UPPER EAST SIDE — A Community Board 8 committee voted unanimously Wednesday to support accessible pedestrian signals to help blind residents safely cross streets in the neighborhood.

The decision by the transportation committee comes several months after the proposal was attacked by opponents for causing "noise pollution." 

The group also demanded the Department of Transportation, which plans on installing 25 audible pedestrian signals throughout the five boroughs, to put some of  Manhattan's allotted signals on the Upper East Side — and to do so as soon as possible.

The committee's choice reflects recent pressure from disabled rights activists, who had fought opposition to APS as an affront to their "basic dignity" that would "take away their independence."

Though there was some debate at the meeting over the APS' placement — and confusion over how loud they are — committee members welcomed the signals so long as they adjusted to ambient noise levels in the street.

"There should be an APS on every corner that has a traffic light," said Rita Popper, CB8 member. "Everybody is entitled to cross the same way whether you're a sighted person or whether you're not a sighted person.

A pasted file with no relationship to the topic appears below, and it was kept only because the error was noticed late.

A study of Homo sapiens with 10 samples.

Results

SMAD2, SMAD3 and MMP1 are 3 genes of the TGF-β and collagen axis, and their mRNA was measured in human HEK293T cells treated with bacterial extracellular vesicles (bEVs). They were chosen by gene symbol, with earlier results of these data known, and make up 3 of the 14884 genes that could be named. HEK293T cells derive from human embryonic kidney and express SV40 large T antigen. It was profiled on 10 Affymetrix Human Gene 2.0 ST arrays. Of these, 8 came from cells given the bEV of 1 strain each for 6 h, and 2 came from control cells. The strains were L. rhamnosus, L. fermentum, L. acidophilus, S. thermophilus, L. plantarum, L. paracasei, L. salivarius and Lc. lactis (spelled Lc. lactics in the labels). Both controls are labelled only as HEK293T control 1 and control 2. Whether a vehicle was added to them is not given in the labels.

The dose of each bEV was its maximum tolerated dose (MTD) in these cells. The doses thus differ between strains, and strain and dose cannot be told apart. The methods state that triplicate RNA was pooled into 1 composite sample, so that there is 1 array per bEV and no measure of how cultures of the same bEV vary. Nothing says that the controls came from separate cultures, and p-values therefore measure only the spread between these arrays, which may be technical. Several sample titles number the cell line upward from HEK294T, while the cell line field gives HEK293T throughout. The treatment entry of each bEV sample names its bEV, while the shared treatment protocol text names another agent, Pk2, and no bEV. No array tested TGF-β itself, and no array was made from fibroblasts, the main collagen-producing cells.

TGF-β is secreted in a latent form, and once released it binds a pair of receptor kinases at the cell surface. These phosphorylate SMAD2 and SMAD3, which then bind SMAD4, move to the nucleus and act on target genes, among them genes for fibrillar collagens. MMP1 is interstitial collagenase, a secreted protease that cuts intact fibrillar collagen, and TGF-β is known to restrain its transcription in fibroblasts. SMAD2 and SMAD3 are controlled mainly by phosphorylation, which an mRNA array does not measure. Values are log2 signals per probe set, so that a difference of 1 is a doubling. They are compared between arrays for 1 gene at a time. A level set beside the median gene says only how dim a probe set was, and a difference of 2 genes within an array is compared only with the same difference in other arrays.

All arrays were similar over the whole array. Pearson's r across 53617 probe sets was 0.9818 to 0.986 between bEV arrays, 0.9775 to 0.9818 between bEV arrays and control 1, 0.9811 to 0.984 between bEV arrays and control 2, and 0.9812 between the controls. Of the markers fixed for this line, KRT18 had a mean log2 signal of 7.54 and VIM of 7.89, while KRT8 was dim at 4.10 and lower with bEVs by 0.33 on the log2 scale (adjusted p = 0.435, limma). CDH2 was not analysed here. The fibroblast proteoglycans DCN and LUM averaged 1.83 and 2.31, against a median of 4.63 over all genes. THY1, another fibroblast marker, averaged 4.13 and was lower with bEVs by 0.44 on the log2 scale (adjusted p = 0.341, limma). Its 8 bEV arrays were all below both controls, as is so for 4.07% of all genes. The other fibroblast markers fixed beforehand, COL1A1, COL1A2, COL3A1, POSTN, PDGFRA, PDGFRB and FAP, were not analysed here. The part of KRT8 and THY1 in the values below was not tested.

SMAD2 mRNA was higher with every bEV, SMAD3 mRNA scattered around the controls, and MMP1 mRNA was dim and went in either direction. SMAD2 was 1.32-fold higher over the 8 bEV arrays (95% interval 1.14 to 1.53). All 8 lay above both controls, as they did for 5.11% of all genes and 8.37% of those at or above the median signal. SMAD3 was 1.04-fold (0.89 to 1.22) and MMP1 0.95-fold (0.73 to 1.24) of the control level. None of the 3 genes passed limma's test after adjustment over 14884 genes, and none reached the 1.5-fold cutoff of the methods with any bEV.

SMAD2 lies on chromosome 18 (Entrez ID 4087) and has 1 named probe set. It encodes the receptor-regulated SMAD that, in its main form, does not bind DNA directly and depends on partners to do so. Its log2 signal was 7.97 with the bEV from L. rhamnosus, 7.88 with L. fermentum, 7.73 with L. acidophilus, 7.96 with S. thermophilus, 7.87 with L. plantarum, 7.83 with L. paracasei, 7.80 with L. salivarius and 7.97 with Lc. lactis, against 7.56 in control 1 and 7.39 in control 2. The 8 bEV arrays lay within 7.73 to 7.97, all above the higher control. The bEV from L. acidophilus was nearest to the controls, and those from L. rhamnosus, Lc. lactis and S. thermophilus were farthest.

"It should be blanketed throughout the city," she added. "We have to start someplace, but we shouldn't hold anything up. We should back this 100 percent."

Karen Gourgey, who chairs PASS Coalition, an accessibility advocacy group, said the broad community support for APS is "thrilling."

"The fact that you all appear to be in support of APS is phenomenal," she said.

Still, the meeting's developments were not without some controversy.

One member of the public — who declined to be named upon learning that comments made at CB8 meetings are public record and can be published by the press — was not happy with the night's developments.

Like others, he worried the APS would be too loud for residential neighborhoods.

"I oppose it," he said of the subcommittee's decision. "Dear lord, I have children. I need sleep."

The supporters, however, said opposition to the plan goes beyond noise and is an outright discrimination against the blind.

"I don't understand why we're still talking about this," said Todd Walerstein, who is vision and hearing-impaired. "It's bigoted, really. Why are you telling me I can't cross the street? Why don't I have the same rights as everyone else?"